Digital Alienation

American Rasputin
Steve Bannon is still scheming. And he’s still a threat to democracy.


There’s a scene I keep looping back to in Errol Morris’s 2018 documentary about Bannon, American Dharma. Bannon is recalling his Hong Kong days in the 2000s, when he was working for Internet Gaming Entertainment. He notes how stunned he was to discover how many people played multiplayer online games, and how intensely they played them. But then he breaks it down for Morris, using the example of a theoretical man named Dave in Accounts Payable who one day drops dead.

“Some preacher from a church or some guy from a funeral home who’s never met him does a 10-minute eulogy, says a few prayers,” Bannon says. “And that’s Dave.”

But that’s offline Dave. Online Dave is a whole other story. “Dave in the game is Ajax,” Bannon continues. “And Ajax is, like, the man.” Ajax gets a caisson when he dies and is carried off to a raging funeral pyre. The rival group comes out and attacks. “There’s literally thousands of people there,” Bannon says. “People are home playing the game, and guys are not going to work. And women are not going to work. Because it’s Ajax.”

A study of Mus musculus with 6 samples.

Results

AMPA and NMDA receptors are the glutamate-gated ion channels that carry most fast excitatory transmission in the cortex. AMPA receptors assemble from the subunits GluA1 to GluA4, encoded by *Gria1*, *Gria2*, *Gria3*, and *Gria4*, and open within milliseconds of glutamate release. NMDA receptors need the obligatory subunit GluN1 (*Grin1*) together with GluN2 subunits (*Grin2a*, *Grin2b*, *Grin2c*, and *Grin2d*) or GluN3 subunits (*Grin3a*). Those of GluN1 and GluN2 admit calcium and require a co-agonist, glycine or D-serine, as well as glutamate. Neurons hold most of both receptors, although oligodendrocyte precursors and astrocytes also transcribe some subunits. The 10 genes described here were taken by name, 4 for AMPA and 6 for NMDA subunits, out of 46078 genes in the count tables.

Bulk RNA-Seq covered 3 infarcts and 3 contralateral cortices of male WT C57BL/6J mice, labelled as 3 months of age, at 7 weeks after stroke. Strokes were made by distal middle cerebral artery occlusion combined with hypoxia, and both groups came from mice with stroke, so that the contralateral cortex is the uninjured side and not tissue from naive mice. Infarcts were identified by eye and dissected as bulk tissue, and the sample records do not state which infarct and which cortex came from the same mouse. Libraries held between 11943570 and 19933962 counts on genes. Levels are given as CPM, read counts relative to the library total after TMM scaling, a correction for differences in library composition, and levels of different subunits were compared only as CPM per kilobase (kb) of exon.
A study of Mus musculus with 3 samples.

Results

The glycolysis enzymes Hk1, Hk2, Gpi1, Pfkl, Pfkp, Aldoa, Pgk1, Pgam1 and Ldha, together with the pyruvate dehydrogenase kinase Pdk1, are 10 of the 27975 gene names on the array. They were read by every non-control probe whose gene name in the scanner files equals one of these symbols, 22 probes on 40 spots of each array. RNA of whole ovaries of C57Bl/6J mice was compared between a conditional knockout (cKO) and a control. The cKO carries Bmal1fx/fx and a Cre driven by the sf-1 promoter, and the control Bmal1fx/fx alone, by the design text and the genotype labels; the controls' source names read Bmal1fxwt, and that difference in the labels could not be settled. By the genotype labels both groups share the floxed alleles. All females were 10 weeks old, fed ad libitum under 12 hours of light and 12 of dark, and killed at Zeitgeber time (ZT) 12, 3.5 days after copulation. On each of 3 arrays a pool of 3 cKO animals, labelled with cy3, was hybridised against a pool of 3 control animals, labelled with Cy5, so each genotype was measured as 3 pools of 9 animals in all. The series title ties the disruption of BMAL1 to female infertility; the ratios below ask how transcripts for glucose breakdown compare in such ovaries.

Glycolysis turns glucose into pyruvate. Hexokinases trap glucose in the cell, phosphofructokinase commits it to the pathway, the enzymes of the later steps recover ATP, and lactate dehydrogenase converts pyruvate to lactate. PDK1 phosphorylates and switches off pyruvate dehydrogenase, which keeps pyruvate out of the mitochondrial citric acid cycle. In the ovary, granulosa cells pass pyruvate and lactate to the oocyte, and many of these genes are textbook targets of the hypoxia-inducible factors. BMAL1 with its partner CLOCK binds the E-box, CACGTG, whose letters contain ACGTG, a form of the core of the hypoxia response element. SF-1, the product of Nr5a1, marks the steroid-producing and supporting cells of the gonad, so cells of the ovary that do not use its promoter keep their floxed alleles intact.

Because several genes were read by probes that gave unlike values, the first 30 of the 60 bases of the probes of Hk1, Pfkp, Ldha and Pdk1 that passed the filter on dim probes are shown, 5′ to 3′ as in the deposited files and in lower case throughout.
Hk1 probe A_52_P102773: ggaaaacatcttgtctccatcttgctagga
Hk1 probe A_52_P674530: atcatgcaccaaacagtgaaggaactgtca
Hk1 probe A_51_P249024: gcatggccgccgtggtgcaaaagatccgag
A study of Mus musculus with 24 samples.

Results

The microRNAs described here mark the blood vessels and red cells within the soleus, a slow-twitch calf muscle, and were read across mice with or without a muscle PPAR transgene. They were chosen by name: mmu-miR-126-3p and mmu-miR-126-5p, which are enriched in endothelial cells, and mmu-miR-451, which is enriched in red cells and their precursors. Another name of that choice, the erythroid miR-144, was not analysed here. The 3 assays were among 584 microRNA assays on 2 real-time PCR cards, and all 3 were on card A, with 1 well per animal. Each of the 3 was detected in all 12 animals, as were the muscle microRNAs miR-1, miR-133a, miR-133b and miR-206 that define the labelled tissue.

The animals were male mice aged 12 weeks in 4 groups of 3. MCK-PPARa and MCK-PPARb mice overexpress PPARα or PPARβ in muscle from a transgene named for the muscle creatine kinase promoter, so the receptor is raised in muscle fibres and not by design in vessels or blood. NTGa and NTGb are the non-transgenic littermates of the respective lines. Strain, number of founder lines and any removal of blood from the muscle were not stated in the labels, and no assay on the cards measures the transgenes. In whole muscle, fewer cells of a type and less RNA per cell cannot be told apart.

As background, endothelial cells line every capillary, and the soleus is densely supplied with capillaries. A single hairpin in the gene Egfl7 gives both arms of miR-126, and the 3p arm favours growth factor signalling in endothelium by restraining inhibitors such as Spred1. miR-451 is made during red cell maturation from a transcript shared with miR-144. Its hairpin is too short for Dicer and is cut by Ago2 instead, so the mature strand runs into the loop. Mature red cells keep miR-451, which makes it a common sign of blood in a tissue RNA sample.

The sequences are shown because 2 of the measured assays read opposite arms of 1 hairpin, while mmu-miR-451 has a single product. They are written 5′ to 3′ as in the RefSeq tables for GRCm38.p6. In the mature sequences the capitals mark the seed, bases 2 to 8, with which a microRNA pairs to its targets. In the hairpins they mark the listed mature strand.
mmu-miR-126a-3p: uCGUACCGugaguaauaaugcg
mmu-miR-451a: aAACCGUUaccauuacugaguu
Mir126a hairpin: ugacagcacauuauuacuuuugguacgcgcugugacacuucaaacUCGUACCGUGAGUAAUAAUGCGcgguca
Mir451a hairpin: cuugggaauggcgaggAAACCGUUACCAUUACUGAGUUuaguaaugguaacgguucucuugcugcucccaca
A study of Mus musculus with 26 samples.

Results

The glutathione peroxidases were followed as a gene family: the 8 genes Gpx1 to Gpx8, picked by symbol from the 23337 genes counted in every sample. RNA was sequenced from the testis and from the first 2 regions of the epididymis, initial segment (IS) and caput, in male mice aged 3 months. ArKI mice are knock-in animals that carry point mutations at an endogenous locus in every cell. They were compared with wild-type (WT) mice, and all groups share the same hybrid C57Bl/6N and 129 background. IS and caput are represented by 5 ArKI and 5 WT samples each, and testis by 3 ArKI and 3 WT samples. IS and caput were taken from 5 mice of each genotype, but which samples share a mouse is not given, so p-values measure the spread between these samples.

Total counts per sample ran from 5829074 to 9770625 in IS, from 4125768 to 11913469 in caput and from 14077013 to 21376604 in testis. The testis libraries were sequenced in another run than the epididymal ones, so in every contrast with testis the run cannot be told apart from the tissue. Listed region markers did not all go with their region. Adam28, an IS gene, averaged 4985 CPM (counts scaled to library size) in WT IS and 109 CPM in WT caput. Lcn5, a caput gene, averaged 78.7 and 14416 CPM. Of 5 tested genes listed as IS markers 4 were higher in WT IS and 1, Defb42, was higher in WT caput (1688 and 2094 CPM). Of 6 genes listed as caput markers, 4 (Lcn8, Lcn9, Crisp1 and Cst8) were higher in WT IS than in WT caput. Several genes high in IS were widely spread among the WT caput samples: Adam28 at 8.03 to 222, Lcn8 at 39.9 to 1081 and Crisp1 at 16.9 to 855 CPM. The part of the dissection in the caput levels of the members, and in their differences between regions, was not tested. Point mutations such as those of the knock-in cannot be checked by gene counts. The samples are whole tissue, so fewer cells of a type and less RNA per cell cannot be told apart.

“Now, who’s more real?” Bannon asks. Dave in Accounting? Or Ajax?

Steve Bannon in Washington, D.C., in May (Chris Buck for The Atlantic)

Ajax, Bannon realized. Some people—particularly disaffected men—actively prefer and better identify with the online versions of themselves. He kept this top of mind when he took over Breitbart News in 2012 and decided to build out the comments section. “This became more of a community than the city they live in, the town they live in, the old bowling league,” he tells Morris. “The key to these sites was the comment section. This could be weaponized at some point in time. The angry voices, properly directed, have latent political power.”

I mentioned this moment to Bannon the second time we spoke. On War Room, he frequently talks about three levels of participation: the posse, the cadre, and the vanguard. It sounded to me like the gamification of politics. Yes, he told me. That’s just it: “I want Dave in Accounting to be Ajax in his life.”

But that’s precisely what happened on January 6. The angry, howling hordes arrived as real-life avatars, cosplaying the role of rebels in face paint and fur. They stormed the Capitol while an enemy army tried to beat them away. They carried their own versions of caissons. They skipped a day of work. And then they expressed outrage—and utter incredulity—when they got carted away.

The fantasy and the reality had become one and the same.